To capitalize on the momentum of the Women’s March, feminism must be much more inclusive than it was in the 2010s

The future is still female AF.
The future is still female AF.
Image: Reuters/Shannon Stapleton

Yet Saturday (Jan. 21), in Washington, DC, and all around the country, America was quite the opposite: colorful, energetic, and determined. Women of all ages and ethnicities took to the streets to march, chant, and laugh. They came out by the thousands, hundreds of thousands, and millions, by bus, by train, and by plane; some even ran to the march. And they made it clear that they’re not going to quietly tolerate the new administration’s threats.

A large part of Saturday’s massive turnout was, surely, motivated by the election of Trump, a man who bragged about assaulting women, and ran a presidential campaign rife with sexism and general intolerance. But it also seemed to represent a new wave of feminism that’s been building for the past few years but has yet to find a suitable outlet.

The last large women’s protest in DC took place in 2004, when over a million people showed up to contest the curtailing of abortion rights. Despite the prominent role gender equality has claimed in the public discourse over the past few years, there has been little public celebration of it.

This disconnect could be because feminism in recent years has been largely preoccupied with helping (mostly white) women leaning in, claiming their place as C-suite business leaders, and running for president of the most powerful democracy in the world.

That stuff is important—for women, and for everyone—but focusing on it can be alienating for those women who don’t see themselves in Sheryl Sandberg or Hillary Clinton. Not nearly enough has been done to address the need of these other women—particularly women of color.

The Women’s March, finally, proved that the women’s rights movement in the US can be non-elitist and inclusive. CEOs and housewives, gay women and straight ones, women of color and white women all took to the streets, a unit of one made up of a population of millions, to collectively express what they will fight to protect: fundamental equality.

To be sure, the process wasn’t perfect. Initially, the march was called the Million Women March, and Black Lives Matter and other minority leadership groups were not involved in its organization. But the organizers responded well when criticized for the oversight. For example, when it was pointed out that the original name was an appropriation of the 1995 Million Man March, a rally lead by the black community in DC, the name was changed. Leaders from Black Lives Matter and other groups were also brought in to help organize the DC march, and although not all sister marches were as inclusive as the DC event, hopefully the model will translate into more diverse participation for the women’s rights movement in the months to come.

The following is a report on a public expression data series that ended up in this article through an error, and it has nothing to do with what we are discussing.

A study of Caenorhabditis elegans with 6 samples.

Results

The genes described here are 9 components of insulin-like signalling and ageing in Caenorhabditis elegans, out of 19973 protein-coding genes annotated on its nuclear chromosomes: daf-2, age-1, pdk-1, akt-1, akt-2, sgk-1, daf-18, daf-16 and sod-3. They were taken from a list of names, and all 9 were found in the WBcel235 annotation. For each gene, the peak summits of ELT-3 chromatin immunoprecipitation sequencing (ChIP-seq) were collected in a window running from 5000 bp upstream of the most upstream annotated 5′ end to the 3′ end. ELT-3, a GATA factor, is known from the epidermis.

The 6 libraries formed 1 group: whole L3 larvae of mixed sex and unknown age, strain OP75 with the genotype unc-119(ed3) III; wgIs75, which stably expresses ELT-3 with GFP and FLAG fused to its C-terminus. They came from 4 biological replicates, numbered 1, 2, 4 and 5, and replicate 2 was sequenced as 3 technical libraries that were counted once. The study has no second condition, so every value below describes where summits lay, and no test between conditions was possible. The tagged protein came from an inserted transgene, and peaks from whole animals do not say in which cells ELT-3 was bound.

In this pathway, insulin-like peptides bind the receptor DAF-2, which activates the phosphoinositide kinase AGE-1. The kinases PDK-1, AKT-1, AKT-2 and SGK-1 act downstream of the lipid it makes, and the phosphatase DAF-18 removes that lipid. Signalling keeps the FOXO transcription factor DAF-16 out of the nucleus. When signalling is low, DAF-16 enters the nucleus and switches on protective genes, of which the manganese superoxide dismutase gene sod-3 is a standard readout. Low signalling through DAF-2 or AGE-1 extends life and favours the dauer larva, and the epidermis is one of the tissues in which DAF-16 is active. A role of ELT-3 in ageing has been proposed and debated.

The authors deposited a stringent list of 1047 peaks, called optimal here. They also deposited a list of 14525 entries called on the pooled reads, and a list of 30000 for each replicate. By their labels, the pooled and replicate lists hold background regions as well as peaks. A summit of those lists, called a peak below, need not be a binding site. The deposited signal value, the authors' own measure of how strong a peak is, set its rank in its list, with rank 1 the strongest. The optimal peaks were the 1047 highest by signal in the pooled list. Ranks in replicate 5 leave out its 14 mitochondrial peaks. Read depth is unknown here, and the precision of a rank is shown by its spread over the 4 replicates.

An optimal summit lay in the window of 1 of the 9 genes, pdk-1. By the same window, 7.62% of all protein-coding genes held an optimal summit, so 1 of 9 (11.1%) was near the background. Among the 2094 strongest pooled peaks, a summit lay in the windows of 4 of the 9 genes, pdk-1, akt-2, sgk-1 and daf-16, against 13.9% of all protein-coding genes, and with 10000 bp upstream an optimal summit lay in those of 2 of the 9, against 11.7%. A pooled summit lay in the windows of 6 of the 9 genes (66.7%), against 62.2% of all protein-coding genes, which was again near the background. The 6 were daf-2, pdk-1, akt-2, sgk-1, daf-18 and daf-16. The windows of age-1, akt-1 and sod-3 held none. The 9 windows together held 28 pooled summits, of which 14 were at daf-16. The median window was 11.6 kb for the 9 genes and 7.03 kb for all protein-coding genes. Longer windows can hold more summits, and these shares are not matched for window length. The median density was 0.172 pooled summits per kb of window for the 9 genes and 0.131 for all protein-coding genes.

It’s hard not to wonder if the outcome of the presidential election would have been different had these marches happened a few months ago. It was white women who helped tip the scale in favor of Trump, after all. But while Clinton’s defeat may have set back efforts to shatter the ultimate glass ceiling, the larger movement may be slowly becoming more inclusive, and as a result, much stronger. That’s perhaps why Saturday’s marches felt so enormous.

At the same time, it remains unclear whether the sea of “pussy hats” that marched all over the world can be channeled into a sustained movement with clearly articulated objectives and demands.

Moving forward, it will be essential to include those who understand the specific struggles and experiences of non-white women. Hopefully, the March on Washington will increase awareness of feminism’s important racial components. As many on the streets on Jan. 21 demanded, to succeed, the new wave of feminism must become truly intersectional; it needs to be mindful of all the issues connected with feminism, such as race, sexual orientation, disability, and class.

There is too much strength and too much beauty in the pictures still pouring in from all over the world to let this moment pass and this energy die. The next generation of feminist leaders must harness this energy, but it is the task of every woman (and every feminist ally) to make sure we march forward with an inclusive program. Demanding that the fundamental right to be treated as equal applies to all women is what will give the movement the power to continue its global ascension, and in the process shatter all the remaining ceilings, too.